Cystic Fibrosis

Course and Symptoms of Cystic Fibrosis

graphic representation of cystic fibrosis symptom
Image courtesy of MAYO CLINIC Opens in new window

Cystic fibrosis (CF) is a chronic and progressive autosomal recessive genetic disease characterized by excessive viscous secretions that interfere with digestion and respiration, resulting in impaired endocrine functioning, with subsequent manifestations affecting the lungs, pancreas, and sweat glands.

Most clients with CF have exocrine pancreatic insufficiency, and their sweat glands excrete increased sodium and chloride. Even more debilitating is that many of these patients may develop chronic obstructive diffuse pulmonary disease, decreased lung volume, and shunting that result in arterial hypoxemia, possible respiratory failure, and early death.


CF affects people of both sexes and of all races and ethnicities, with the highest prevalence found in Northern European whites. Approximately 30,000 people in the United States have CF, with more than 10 million asymptomatic carriers of the gene for CF.

As with any autosomal recessive disorder Opens in new window, a couple who are both carriers for CF face a 25% risk in each pregnancy of having a child affected with the disorder, a 50% chance of having a child who is an asymptomatic (unaffected) carrier, and a 25% chance of having a child who will neither have nor be a carrier for the disorder.


Symptoms of CF include airway obstruction, chronic infections, pancreatic insufficiency, biliary tract obstruction, and infertility. In 1997, the median survival age for people with CF in the United States was 32.7 years for males and 28.9 years for females.

The symptoms are triggered by a mutation in the gene for a chloride conductance channel, causing abnormally thick and viscid secretions in the respiratory, gastrointestinal, and reproductive tracts.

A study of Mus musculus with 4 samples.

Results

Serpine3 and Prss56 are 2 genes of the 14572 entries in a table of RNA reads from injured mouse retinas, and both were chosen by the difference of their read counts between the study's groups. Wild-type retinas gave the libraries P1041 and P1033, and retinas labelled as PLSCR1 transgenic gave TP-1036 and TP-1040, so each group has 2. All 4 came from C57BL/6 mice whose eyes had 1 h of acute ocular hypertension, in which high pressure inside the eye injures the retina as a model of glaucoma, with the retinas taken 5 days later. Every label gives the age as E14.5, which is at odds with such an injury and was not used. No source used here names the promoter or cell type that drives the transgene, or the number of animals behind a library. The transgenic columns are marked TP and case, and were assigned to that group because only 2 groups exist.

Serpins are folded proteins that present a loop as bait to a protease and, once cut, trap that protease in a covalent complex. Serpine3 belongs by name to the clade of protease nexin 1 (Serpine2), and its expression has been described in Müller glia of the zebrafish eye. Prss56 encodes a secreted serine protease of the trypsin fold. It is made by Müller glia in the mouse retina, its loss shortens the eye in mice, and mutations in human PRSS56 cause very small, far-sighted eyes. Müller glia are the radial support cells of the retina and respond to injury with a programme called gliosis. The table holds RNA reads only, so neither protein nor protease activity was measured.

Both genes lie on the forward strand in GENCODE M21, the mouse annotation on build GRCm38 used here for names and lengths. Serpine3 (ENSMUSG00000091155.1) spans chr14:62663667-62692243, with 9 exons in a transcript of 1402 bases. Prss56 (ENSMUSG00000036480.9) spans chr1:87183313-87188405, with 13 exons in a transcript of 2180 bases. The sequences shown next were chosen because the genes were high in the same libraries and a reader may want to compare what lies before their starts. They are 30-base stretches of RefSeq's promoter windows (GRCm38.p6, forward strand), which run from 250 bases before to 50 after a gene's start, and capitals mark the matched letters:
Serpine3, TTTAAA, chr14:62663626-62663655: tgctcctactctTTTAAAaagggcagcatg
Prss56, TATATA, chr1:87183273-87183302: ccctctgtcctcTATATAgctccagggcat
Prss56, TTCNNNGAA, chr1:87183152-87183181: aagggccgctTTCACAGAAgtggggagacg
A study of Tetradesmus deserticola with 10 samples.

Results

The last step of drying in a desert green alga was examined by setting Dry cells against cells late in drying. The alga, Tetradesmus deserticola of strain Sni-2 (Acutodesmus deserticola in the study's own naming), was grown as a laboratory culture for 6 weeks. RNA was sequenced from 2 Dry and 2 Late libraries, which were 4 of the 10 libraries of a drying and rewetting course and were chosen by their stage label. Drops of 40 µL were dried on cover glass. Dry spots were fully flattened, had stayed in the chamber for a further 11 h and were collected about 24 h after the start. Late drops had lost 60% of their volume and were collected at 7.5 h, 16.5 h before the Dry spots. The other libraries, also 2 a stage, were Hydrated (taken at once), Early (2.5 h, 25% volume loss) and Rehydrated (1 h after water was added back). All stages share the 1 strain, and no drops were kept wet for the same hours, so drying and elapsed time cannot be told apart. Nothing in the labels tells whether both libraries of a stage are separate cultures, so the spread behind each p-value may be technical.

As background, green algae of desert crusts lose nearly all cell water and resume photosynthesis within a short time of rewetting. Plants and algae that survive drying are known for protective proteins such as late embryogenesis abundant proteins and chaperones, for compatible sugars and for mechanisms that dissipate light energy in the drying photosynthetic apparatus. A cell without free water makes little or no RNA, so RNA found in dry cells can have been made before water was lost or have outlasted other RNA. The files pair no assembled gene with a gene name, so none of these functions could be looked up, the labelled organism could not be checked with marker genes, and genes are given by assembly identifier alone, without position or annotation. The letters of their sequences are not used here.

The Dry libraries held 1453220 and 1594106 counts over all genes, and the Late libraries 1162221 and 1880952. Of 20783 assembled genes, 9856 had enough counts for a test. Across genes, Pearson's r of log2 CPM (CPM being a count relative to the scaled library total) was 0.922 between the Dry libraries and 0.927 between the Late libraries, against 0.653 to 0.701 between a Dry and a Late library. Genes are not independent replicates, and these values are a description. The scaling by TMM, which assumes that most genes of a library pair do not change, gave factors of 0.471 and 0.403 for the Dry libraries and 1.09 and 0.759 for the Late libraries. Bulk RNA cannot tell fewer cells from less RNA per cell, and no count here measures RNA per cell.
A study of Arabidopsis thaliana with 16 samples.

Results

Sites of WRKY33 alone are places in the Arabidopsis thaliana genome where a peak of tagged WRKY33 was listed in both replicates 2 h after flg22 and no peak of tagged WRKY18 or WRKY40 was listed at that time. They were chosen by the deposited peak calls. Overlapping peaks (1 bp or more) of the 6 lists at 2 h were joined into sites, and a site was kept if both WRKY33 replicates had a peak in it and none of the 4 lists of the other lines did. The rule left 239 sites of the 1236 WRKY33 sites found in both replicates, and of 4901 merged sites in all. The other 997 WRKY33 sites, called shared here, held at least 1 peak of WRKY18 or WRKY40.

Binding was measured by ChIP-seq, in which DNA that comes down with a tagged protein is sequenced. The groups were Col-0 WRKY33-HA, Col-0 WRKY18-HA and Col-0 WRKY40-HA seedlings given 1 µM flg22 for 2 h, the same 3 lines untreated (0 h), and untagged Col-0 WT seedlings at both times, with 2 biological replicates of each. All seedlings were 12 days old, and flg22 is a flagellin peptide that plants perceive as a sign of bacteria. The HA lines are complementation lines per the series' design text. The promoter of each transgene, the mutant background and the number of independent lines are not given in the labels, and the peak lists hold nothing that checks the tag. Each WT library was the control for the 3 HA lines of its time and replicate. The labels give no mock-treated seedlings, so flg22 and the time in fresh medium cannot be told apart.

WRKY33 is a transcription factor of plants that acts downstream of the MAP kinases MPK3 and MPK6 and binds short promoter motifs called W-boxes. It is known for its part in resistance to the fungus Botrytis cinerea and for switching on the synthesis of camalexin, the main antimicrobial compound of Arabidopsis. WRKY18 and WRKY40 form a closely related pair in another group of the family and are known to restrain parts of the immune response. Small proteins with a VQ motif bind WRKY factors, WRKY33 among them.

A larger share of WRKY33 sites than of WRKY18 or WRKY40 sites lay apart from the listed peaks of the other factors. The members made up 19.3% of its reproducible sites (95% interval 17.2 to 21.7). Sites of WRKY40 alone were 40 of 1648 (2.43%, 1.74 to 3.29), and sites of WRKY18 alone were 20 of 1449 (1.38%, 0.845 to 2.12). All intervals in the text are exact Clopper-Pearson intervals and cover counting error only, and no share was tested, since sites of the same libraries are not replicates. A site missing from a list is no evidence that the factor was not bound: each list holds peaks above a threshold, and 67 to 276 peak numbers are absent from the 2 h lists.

CF is but one example of a single gene disorder for which one’s ethnicity is a risk factor. Other genetic disorders for which this is true include Tay-Sachs disease Opens in new window and sickle cell disease, which mainly affect different populations and have different symptoms. While many symptoms affect men and women equally, some do not.

In cases of severe CF, pregnancy complications include chronic hypoxia and frequent pulmonary problems. Severe pulmonary infections lead to increased risk for maternal and fetal mortality. Because of the risks involved, female patients with severe CF need information about contraceptive options and, should pregnancy occur, counseling about potential termination as concurrent with the patient’s value system.


To inherit CF, a child must inherit two defective CF genes—one from each parent. Because both partners of a couple are carriers for CF, any child they conceive will be a carrier as well. If both partners are carriers, each pregnancy entails a 50% chance of the fetus having CF. If both partners are carriers, each pregnancy entails a 50% chance of the fetus having CF. If both partners are affected, all of their biological children will have the disease.

Diagnostic Test

The most common test for CF is the pilocarpine sweat test and application of electric current. This test may not be efficacious in newborns, who may undergo an immune reactive test instead. Other tests assess lung and pancreatic function and genetic structure (see Table X1).

Table X1 | Common Diagnostic Tests for Cystic Fibrosis
  1. Sweat test (adults): a positive finding is greater than 65 mEg/L for both sodium and chloride
  2. Immunoreactive (infant) blood test for protein (IRT) measures for protein trypsinogen
  3. Gene markers (fetal) and analysis from chorionic villi tissue sampling
  4. Lung function
  5. Chest x-ray
  6. Sputum cultures
  7. Pulmonary function studies
  8. Pancreatic function
  9. Fecal analysis for fat
  10. Duodenoscopy for quantitative determination of pancreatic enzymes


Major treatment goals include clearance of secretions, control of infection, and provision of adequate nutrition. Clients with CF must receive preconception counseling. Well-nourished women with mild forms of the disease usually tolerate pregnancy well (McMullen).

  1. Dorothy C. Wertz, “The 19-Nation Survey: Genetics and Ethics around the World,” in Dorothy C. Wertz and John C. Fletcher, eds. Ethics and Human Genetics (New York: Springer-Verlag, 1989).
  2. Dorothy C. Wertz, John C. Fletcher, and John J. Mulvihill, “Medical Geneticists Confront Ethical Dilemmas: Cross-Cultural Comparisons among 18 Nations,” American Journal of Human Genetics 46 (1990): 1200-1213.
  3. Deborah F. Pencarinha, Nora K. Bell, Janice G. Edwards, and Robert G. Best, “Ethical Issues in Genetic Counseling: A Comparison of M. S. Counselor and Medical Geneticist Perspectives,” Journal of Genetic Counseling 1, 1 (1992): 19-30.
  4. Institute of Medicine, Assessing Genetic Risks (Washington, DC: National Academy Press, 1994), p. 6.